On Day 1 of their four-star fact-finding tour of the Washington suburbs, Virginia state legislators learned that Fairfax County boasts the largest Sears store in the country, Shirley Highway rush-hour traffic is a very slow way to go, and Robert E. Lee's favorite dessert was pound cake and macaroons.
Yesterday, Day 2, Gov. John N. Dalton and 100 state lawmakers were treated to a view of a highway construction site. Today, as part of the finale of a three day, expenses-paid tour, they will sniff around a sewage treatment plant near Manassas.
Between the bus rides, slide shows and historic stops, the most influential office holders in the Old Dominion are being conscientiously plied with parties and good liquor to make certain that when the $70,000 junket is over, a warm spot will remain in their voting hearts for what one legislator called their "little old buddies" in Northern Virginia.
"I don't see how it can hurt," said Del. Bernard Cohen (R-Alexandria), one of 26 Northern Virginia legislators playing host to downstate colleagues this weekend. "As long as you keep them euphoric they've got to have a better feeling about you Monday than they did on Friday."
The success of this weekend tour, say Northern Virginia legislators, will have more effect on the local citizenry than any piece of legislation. In Richmond, the power of reason is not always as important in winning votes as friendships won in late night trenches, bellies against the bar.
And Northern Virginia has never been noted for winning friends and influencing influential people.
"The people in my district think of Northern Virginians as troublemakers," said Sen. William (Fearless) Fears (D-Accomack), who professes to be more enlightened himself. "They think all the people in Northern Virginia work for those government agencies they'd like to get rid of like the EPA and the IRS."
A stereotype that is more damaging, because it is held by so many state legislators, squeezes all of Northern Virginia into golden suburbs of great wealth. When a Fairfax County legislator asks for more money or services, representatives from rural towns such as Pound, Bassett and Rocky Mountain sometimes see it as an attempt to pick a country cousin's pocket.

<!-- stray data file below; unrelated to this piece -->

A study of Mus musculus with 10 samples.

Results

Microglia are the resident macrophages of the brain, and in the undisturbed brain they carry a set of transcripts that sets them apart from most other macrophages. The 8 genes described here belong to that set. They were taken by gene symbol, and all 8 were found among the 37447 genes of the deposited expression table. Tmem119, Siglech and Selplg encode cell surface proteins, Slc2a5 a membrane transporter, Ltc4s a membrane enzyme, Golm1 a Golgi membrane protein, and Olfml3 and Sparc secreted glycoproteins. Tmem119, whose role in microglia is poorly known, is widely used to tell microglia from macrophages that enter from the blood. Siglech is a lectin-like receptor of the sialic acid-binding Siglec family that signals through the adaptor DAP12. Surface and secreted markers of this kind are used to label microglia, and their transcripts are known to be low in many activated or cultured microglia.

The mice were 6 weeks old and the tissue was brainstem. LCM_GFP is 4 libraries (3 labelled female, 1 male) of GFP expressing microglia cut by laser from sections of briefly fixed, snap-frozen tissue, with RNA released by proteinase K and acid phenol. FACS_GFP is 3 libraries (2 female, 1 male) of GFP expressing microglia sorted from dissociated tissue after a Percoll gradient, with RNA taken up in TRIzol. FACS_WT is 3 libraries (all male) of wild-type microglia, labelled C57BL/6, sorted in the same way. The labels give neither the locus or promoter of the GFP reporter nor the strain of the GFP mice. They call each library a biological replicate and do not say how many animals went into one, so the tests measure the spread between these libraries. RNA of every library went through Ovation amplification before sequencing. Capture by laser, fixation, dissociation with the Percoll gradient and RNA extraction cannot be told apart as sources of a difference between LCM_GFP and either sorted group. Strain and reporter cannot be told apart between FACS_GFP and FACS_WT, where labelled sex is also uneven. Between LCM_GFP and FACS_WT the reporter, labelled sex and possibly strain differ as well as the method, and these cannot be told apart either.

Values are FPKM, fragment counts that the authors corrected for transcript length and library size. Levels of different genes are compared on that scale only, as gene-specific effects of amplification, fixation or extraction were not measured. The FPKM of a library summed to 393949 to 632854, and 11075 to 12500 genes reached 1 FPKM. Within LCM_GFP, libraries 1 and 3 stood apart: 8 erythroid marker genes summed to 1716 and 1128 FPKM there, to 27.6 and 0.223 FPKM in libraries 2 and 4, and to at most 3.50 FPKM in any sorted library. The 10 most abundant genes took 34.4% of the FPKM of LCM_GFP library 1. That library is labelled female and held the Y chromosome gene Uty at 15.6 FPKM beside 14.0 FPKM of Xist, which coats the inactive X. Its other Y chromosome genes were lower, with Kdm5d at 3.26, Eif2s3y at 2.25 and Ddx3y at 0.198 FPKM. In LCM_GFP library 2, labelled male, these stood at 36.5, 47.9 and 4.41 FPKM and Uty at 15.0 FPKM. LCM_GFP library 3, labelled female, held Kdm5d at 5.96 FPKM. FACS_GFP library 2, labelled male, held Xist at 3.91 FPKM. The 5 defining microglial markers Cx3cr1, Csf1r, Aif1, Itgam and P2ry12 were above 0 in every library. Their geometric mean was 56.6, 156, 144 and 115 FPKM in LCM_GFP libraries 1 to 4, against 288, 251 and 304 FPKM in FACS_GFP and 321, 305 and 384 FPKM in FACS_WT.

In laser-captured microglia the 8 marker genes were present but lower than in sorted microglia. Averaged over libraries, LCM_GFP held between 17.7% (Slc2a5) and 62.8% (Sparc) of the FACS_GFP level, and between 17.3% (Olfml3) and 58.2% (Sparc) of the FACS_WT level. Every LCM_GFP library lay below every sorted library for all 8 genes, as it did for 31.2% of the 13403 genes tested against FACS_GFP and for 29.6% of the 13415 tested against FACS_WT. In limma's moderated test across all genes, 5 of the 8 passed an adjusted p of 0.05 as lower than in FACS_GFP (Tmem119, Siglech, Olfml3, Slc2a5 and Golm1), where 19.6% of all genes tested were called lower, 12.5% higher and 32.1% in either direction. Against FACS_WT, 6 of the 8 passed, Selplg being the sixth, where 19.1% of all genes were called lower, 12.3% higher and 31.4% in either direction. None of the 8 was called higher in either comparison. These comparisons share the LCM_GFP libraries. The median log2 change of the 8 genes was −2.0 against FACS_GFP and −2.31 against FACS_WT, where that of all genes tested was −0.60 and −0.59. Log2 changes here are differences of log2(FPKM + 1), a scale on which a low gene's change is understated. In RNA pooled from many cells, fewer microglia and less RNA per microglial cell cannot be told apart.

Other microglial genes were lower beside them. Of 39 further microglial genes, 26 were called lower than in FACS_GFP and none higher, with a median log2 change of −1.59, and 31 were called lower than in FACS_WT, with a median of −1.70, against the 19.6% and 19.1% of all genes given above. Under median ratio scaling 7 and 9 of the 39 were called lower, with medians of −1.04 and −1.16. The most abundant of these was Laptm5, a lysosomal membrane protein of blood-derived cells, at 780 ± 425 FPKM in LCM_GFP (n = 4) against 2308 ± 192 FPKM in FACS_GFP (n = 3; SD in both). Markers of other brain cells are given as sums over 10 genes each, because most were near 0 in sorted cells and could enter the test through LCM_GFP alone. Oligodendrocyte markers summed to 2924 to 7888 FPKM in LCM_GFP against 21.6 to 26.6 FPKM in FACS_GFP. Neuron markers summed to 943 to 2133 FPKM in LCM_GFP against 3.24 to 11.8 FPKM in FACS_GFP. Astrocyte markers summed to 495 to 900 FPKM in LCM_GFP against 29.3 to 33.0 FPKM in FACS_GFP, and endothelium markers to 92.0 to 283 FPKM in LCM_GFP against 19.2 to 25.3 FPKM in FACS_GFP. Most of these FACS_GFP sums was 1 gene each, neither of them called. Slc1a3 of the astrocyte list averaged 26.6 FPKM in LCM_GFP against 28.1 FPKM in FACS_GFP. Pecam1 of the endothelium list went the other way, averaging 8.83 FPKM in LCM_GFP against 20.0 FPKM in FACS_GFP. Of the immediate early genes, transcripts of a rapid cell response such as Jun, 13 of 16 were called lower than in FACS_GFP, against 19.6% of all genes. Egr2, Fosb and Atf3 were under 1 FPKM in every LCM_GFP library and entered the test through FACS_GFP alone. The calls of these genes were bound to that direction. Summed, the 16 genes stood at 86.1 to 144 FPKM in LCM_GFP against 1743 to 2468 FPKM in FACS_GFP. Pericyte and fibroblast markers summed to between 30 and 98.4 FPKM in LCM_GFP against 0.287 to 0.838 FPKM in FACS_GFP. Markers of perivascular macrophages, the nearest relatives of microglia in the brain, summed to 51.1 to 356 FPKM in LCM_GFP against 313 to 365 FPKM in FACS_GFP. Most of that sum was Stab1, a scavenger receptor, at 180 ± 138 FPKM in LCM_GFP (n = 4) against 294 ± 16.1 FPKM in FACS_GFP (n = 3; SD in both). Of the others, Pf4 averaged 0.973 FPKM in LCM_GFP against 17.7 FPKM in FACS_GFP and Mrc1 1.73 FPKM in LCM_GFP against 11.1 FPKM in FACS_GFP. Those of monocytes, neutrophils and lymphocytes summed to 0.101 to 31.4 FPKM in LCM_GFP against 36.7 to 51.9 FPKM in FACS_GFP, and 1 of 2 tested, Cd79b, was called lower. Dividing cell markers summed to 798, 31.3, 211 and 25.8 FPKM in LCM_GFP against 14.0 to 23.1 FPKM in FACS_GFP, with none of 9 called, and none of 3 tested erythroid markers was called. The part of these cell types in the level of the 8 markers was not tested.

"You all are wealthier up here," said Del. George Allen (D-Richmond), munching on a Northern Virginia cream puff. "You have to do something for yourself."
The strategy for the weekend tour, explained Del. Elize Heinz (D-Arlington), was to impress upon the legislators the problems of Northern Virginia without depressing them. But the first neighborhood the legislators toured after leaving their chartered ($5,000) train in Alexandria, was sparkling with $300,000 homes. That sight, and the scripts that tour guides on each of the four buses were suppposed to read, did little to create economic sympathy.
"Welcome to Fairfax County, one of the largest and most dynamically growing counties in Virginia," sang one part of a script written by Fairfax Chamber of Commerce officials. Because chamber officials in eight Northern Virginia localities organized the tour with money contributed by local businesses, they insisted on writing the scripts. Not all were happy with the results, which generally praised development and specificaly endorsed such controversial issues as condominium conversion and construction of the Springfield Bypass.
"I'm disappointed," said Fairfax Supervisor Audrey Moore, who rode one of the buses yesterday. "The whole thing is a celebration of growth."
Not all of the guides followed their instructions, however. On the bus carrying Dalton, the tour guide tossed the script aside and let the local legislators explain the view.
"You've got lots of live people here," said Sen. Adelard Brault (D-Fairfax) as the bus drove past rush-hour traffic on the way to Arlington Cemetery. "Where we're going there are lots of dead people."
When Del. David Speck (R-Alexandria) pointed out that the Friday traffic leaving Washington on Shirley Highway already was bumper-to-bumper at 4 p.m., Norfolk Del. Tom Moss, the Democratic majority leader in the House, shot back: "Most of the civil servants knock off at noon, don't they, if they go to work at all?"
At Arlington Cemetery, the legislators observed a full honors funeral for a three-star general, complete with a 15-gun salute, then stood behind Gov. Dalton, Lieutenant Gov. Charles Robb and House Leader A. L. Philpott as they placed a wreath at the Tomb of the Unkown Soldier at a sunset ceremony. Before they left the cemetery, the group visited Arlington House, the former home of Robert E. Lee, the one Northern Virginian whose credentials are unquestioned in Richmond.Stephen Detwiler, the chairman of the Arlington County Board, met the lawmakers at the door to remind them that there was purpose in all the pomp.
"While we are happy to assist the state, we hope the state will assist us, particularly in the areas of education and Metro," said Detwiler, blocking the door while the legislators shivered in the cold night air.
Yesterday the buses took the legislators and their wives from Crystal City to Loudoun County with a dozen stops in between. Many of the legislators admitted that the previous night's elaborate reception and dinner at Crystal City had taken a toll. Heads nodded as sights were passed unseen.
Said one legislator: "I feel like a tortoise making love to a porcupine. I enjoyed it, but that's all that I can stand."